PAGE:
The African American Dance Ensemble (its predecessor was the Chuck Davis Dance Company) has been a mainstay of the dance scene in the Triangle since the early 1980s, but the AADE’s appearance on November 4 in Meredith College’s Jones Auditorium made me wonder if the troupe’s era as an artful performance company is coming to an end. The emphasis of Rhythmic Explosion: Sharing Our Legacy seemed more on education, exhortation and even proselytization, not to mention an egregious amount of audience participation, than it did on the kind of supreme aesthetic glory that marked the company in earlier days.

After all the over-55s in the audience were requested to go to the lobby and then parade back into the theater as the rest of us honored this “council of elders,” the program began with “Blessed Drums: Echoed Rhythms (Sanctioning) 2002.” The drumming (arranged by Osei Appiagyei) was magnificent, but no more so than Chuck Davis. Davis may not be able to leap and land any more, but he can still move. He was heart-stopping in his brief appearance as Shango, god of thunder and protector of the drums. The rest was all shake and shimmy, with both men and women decked out in marvelous costumes that included grass skirts. The men were crowned with tall headdresses as well. Every move the dancers made was augmented by the movement of their clothing. Stafford Berry, Jr., was, as usual, particularly beautiful to watch.

All the energy generated by this spirited dance leached away, however, during a long, boring and very audience-participatory “Griot/Welcoming.” There followed what was supposedly the premiere of “Redemption,” but it was less a premiere than a re-working of the choreography presented at last year’s home season concert. Although this version is an improvement, “Redemption” is still a heavy-handed story of the fall of a lovely woman to the triple-headed devil of sex, drugs, and violence, and her redemption by Christian love, as exemplified by white robes and Shirley Ceasar recordings. (“Steal Away to Jesus” was nearly inaudible beneath the clapping and calling of the audience.)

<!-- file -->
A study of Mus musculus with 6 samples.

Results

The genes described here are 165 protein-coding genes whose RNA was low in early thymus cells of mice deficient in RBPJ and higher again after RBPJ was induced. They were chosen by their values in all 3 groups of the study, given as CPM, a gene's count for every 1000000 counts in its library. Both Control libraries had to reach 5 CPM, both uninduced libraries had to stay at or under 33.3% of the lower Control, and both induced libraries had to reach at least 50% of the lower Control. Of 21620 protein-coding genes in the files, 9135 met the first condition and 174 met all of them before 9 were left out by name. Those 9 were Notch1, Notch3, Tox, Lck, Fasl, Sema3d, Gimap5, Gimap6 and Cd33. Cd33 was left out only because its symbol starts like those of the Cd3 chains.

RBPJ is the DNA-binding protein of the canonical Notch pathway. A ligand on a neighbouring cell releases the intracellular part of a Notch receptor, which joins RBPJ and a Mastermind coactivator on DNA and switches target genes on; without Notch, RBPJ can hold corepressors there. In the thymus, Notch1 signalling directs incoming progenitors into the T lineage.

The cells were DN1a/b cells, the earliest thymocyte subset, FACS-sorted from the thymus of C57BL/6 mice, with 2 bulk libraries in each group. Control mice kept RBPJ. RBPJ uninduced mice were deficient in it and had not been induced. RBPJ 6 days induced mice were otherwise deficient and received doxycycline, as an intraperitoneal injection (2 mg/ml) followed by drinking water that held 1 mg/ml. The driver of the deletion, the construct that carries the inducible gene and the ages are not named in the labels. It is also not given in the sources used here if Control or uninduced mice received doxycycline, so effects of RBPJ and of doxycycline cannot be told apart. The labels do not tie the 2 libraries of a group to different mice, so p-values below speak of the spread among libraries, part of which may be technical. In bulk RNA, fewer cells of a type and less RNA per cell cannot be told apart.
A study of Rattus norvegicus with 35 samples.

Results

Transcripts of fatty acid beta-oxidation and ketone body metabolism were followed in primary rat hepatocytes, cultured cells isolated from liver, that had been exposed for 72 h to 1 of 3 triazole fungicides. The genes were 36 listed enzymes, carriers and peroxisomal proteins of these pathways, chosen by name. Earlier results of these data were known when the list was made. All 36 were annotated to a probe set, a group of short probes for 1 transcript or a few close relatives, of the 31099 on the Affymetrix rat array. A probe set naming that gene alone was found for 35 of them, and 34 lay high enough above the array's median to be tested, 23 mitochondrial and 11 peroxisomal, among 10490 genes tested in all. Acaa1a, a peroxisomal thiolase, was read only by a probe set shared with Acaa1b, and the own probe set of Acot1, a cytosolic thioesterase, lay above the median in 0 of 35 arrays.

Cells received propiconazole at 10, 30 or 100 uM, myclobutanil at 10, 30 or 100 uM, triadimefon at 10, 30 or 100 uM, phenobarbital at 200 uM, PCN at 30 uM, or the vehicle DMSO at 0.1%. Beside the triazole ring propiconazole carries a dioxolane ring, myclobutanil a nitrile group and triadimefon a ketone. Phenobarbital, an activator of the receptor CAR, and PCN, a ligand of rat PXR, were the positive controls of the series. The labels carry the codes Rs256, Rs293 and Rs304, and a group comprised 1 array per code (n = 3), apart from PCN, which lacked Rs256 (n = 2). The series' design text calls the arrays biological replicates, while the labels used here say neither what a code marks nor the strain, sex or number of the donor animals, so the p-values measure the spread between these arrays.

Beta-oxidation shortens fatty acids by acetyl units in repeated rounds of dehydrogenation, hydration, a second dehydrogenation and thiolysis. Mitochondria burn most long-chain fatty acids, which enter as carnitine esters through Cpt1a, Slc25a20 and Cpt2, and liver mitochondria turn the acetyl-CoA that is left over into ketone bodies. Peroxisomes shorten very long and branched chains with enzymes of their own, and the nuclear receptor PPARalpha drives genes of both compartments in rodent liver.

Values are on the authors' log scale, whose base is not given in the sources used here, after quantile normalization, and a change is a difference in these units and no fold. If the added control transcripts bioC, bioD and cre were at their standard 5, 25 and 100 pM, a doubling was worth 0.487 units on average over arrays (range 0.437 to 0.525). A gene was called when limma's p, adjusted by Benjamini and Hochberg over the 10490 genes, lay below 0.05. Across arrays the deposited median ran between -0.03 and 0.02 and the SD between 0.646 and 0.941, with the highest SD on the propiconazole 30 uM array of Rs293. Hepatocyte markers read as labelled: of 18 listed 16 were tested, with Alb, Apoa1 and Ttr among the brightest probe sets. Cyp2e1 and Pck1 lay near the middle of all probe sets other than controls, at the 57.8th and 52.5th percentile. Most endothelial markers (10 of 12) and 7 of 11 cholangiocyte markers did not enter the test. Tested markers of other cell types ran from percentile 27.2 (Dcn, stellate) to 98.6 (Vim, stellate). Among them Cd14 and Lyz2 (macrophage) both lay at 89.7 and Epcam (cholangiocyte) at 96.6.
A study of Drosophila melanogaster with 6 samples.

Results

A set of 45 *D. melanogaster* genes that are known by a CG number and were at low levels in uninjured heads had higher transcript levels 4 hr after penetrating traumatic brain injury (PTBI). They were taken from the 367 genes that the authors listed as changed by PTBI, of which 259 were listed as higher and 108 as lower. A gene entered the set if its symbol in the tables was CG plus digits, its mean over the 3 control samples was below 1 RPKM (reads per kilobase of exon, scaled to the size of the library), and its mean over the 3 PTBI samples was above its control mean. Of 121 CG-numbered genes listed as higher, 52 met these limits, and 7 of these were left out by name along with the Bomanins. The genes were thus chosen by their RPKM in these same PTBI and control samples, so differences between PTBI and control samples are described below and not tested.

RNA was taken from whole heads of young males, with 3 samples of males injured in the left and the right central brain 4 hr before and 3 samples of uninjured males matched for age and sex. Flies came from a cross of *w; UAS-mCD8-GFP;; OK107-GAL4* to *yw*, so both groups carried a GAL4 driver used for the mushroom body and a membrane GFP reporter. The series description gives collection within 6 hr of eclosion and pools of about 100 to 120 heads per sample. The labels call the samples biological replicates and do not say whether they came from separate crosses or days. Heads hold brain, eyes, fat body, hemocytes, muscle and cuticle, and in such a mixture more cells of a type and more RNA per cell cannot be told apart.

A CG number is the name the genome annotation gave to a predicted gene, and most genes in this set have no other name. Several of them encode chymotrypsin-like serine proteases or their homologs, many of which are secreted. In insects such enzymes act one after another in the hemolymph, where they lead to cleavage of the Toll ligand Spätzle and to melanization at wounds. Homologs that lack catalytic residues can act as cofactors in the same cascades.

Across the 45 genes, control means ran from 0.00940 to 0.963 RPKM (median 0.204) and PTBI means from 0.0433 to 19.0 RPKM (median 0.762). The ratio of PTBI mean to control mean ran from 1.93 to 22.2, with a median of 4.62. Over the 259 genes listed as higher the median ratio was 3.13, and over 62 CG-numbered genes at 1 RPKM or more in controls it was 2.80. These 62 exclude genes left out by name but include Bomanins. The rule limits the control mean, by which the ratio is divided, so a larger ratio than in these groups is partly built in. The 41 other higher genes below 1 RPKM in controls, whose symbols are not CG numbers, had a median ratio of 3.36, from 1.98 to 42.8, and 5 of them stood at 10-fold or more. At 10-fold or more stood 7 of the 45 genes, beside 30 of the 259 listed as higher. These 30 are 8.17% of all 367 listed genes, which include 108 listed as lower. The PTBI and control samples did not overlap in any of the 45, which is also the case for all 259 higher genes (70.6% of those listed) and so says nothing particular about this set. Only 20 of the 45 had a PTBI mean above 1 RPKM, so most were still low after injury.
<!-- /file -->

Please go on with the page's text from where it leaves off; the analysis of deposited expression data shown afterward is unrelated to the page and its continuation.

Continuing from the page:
The following two pieces – an excerpt from “Lolomashi ’04/Krin Concerto ’02” and “Kuku” – were both wonderful dances in different West African styles, performed with gusto and heart by both the drummers and the dancers. Over the years, the AADE’s costumes have changed and become even more wonderful, and the several sets on view in this program were fabulous. Adorned with fringes, flaps, and flounces, pompoms, ruffles, scarves, ties, and necklaces, everything that could possibly move does, along with the rhythmically pulsing braids, breasts, and buttocks. But neither the gorgeous costumes nor the power of the dancers could disguise the fact the troupe has dwindled in numbers: It cannot fill the stage, so the power of the spectacle is not as great as it once was.

Following intermission, the extraordinarily beautiful and talented Stafford Berry, Jr., was joined by his partner in the Berry & Nance Dance Project for the premiere of Berry’s “Muumia.” While done with a much lighter touch than “Redemption,” and containing some very fine passages, rhetoric and dogma still overbalanced the art in places. But these two dancers work so well together, and their emotion is so pure, that the over-burdensome metaphors can be forgiven.

It is not easy to forgive the lengthy interruption that followed, breaking the dance spell. It is lovely to honor people who’ve been important to the troupe, the dance, and the community, but surely it would be better to get all that out of the way at the beginning and not sap the program. By the time we finally got to “Sharing Our Legacy,” I was so thoroughly out of patience that it was difficult to appreciate the passing on of AADE’s great spiritual and kinetic traditions to the young dancers of Ligon Middle School and Southeast Raleigh High School.

Ultimately, it was touching to see them move through the rituals then dance joyously into the center, and it was great to see the stage filled with leaping, whirling bodies as the great drums synchronized every heartbeat in the theater. No one could be unhappy to see dozens of young girls, black and white, taking firm stances, opening their chests, and shaking it from head to toe. But this was not really about art. As Chuck Davis often says, “we are all about community.” As an expression of community, and of cultural continuity, it was very fine. But from an aesthetic point of view, it would have been even more pleasing if every dancer had been as good as Berry and the other members, present and past, of the Ensemble.

Many people who attend dance events are uneasy with the notion of audience participation, and when I’ve come to see someone else perform, my own tolerance for it is limited. In fact, Chuck Davis is the only person who has ever gotten me to enjoy it at all. I’m still happy to stand up at the end and chant: Peace, Love, Respect for EVERYbody. But the explaining, the lecturing, the honoring, the repeated interruptions of the artistic energy reached new levels at this performance. In a concert, one wants to sit in the theater and thrill to the drums and the artistic bodies in motion on the stage. Davis says, “We don’t call them concerts…, we call them sharing.” One cannot stay irritated with Davis, whose art is often larger than life. The problem on this occasion is that all the sharing diluted the art, and at the end there was not quite enough of that.